Description: The Weather Shield is an easy to use Arduino shield that grants you access to barometric pressure, relative humidity, luminosity and temperature. There are also connections on this shield to optional sensors such as wind speed, direction, rain gauge and GPS for location and super accurate timing.
These Weather Shields utilize the HTU21D humidity, MPL3115A2 barometric pressure, and ALS-PT19 light sensors and relies on the HTU21D and MPL3115A2 Arduino libraries. Each shield comes with two unpopulated RJ11 connector spaces (for optional hook up of rain and wind sensors) and a 6-pin GPS connector (for optional hook up of a GP635T GPS module). Finally, each Weather Shield can operate from 3.3V up to 16V and has built in voltage regulators and signal translators.
Note: The Weather Shield comes as a stand-alone board. Headers, connectors, and additional sensors will need to be purchased separately, check the related items or wish list below!
Based on 2 ratings:
I have just completed interfacing the WS to a chipKIT Pro MX7 mostly because I wanted to look at the sensor performance. The pressure sensor requires some tuning of the I2C register read function in that there is a delay between when the pressure sensor is commended to take a measurement and when the data is available. The Hold mode doesn’t appear to work at all. To use the No Hold mode, I needed to inset a 50 ms delay between writing the command and reading the measurement. The barometer reads about 2.56 in Hg low. The humidity sensor reads about 3% RH low The temperature measurements between the pressure sensor and the humidity sensor differ by 1 degree F and both read about 6 degrees F high. This may be due to my hardware configuration. These sensor measurements were compared to a General Eastern Model 900 Thermal-Hygrometer.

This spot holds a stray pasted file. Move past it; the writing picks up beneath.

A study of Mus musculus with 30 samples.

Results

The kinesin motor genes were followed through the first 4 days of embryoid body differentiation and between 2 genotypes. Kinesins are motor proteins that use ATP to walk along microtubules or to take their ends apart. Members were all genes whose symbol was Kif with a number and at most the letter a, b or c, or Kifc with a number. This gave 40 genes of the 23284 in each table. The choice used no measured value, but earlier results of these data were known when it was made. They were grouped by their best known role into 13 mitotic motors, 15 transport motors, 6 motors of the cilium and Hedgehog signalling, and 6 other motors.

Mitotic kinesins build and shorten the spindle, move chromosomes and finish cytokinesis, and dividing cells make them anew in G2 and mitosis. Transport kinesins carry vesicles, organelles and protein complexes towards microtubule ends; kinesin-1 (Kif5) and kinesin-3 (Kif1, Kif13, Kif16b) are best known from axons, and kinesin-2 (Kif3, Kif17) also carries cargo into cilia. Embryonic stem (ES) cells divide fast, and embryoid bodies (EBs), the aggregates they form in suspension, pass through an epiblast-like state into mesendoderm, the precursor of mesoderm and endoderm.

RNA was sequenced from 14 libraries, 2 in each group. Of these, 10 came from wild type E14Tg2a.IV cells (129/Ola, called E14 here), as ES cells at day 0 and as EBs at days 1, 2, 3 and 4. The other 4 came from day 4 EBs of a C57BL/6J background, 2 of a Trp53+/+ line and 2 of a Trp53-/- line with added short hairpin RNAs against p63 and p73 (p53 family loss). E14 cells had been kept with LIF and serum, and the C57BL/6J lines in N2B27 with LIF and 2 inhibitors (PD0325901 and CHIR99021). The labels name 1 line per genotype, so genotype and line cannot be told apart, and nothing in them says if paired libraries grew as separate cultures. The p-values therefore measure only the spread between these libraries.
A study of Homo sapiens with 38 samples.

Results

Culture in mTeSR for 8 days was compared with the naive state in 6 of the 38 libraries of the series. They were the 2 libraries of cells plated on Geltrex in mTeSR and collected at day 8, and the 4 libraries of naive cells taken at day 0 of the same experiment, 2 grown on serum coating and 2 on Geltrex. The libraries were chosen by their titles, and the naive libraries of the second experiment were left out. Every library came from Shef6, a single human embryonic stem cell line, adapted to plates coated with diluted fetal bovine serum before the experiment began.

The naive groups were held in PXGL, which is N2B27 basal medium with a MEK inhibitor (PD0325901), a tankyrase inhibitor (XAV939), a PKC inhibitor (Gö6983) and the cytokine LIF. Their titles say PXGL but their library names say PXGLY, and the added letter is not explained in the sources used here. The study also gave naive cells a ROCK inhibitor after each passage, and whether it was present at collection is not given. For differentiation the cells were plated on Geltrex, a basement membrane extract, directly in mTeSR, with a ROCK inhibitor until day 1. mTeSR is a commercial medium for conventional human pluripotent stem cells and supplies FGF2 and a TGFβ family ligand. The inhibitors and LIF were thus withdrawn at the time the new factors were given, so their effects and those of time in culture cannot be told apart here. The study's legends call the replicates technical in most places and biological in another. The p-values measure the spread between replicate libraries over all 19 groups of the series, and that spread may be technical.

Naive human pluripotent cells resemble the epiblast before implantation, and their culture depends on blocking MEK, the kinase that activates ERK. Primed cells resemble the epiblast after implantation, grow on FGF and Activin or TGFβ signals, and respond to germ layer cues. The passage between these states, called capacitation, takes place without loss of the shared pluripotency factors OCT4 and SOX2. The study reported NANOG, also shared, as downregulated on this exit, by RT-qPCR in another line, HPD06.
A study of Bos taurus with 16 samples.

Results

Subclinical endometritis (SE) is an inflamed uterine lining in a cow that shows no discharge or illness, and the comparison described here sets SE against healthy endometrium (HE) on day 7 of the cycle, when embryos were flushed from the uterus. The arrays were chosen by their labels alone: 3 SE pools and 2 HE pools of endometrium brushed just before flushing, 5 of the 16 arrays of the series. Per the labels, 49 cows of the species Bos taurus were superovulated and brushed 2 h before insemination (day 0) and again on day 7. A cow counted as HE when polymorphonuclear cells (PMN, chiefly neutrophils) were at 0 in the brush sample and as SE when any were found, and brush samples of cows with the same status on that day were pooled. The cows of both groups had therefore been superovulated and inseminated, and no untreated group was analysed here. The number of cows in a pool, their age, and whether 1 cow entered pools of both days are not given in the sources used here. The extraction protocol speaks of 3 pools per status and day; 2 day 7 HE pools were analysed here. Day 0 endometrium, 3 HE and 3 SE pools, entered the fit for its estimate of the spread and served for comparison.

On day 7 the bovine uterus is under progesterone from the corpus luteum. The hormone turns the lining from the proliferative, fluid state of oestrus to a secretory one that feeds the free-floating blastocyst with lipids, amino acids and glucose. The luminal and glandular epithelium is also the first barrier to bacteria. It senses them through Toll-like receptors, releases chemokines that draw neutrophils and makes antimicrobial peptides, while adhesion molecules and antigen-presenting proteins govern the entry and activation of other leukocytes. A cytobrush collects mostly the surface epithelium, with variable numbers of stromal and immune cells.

The light sensor doesn’t appear to have much functionality since the WS circuit board cannot be exposed to the outside environment.
The bottom line is that I believe I will bet better results using sensors packaged individually but it was fun to play with.
Hi, Thanks for the feedback. We have used these in long term outdoor projects (https://learn.sparkfun.com/tutorials/weather-station-wirelessly-connected-to-wunderground?_ga=1.22051570.833401513.1365169143) however, you do need to take specific consideration to how the device is housed outdoors. You could certainly build a system using individual components as well if that’s feels more user friendly. Happy hacking!
Note that if you plan to use this in conjunction with the XBee Shield there are some pin conflicts. The XBee Shield uses pins 2 and 3 for serial communication and the Weather Shield uses pins 2 and 3 for the rain and wind gauges. If you don’t plan to use the rain and wind gauges then it “just works”, but if you install the rain or wind gauges then you’ll have to move the serial communication of the XBee to different unused pins.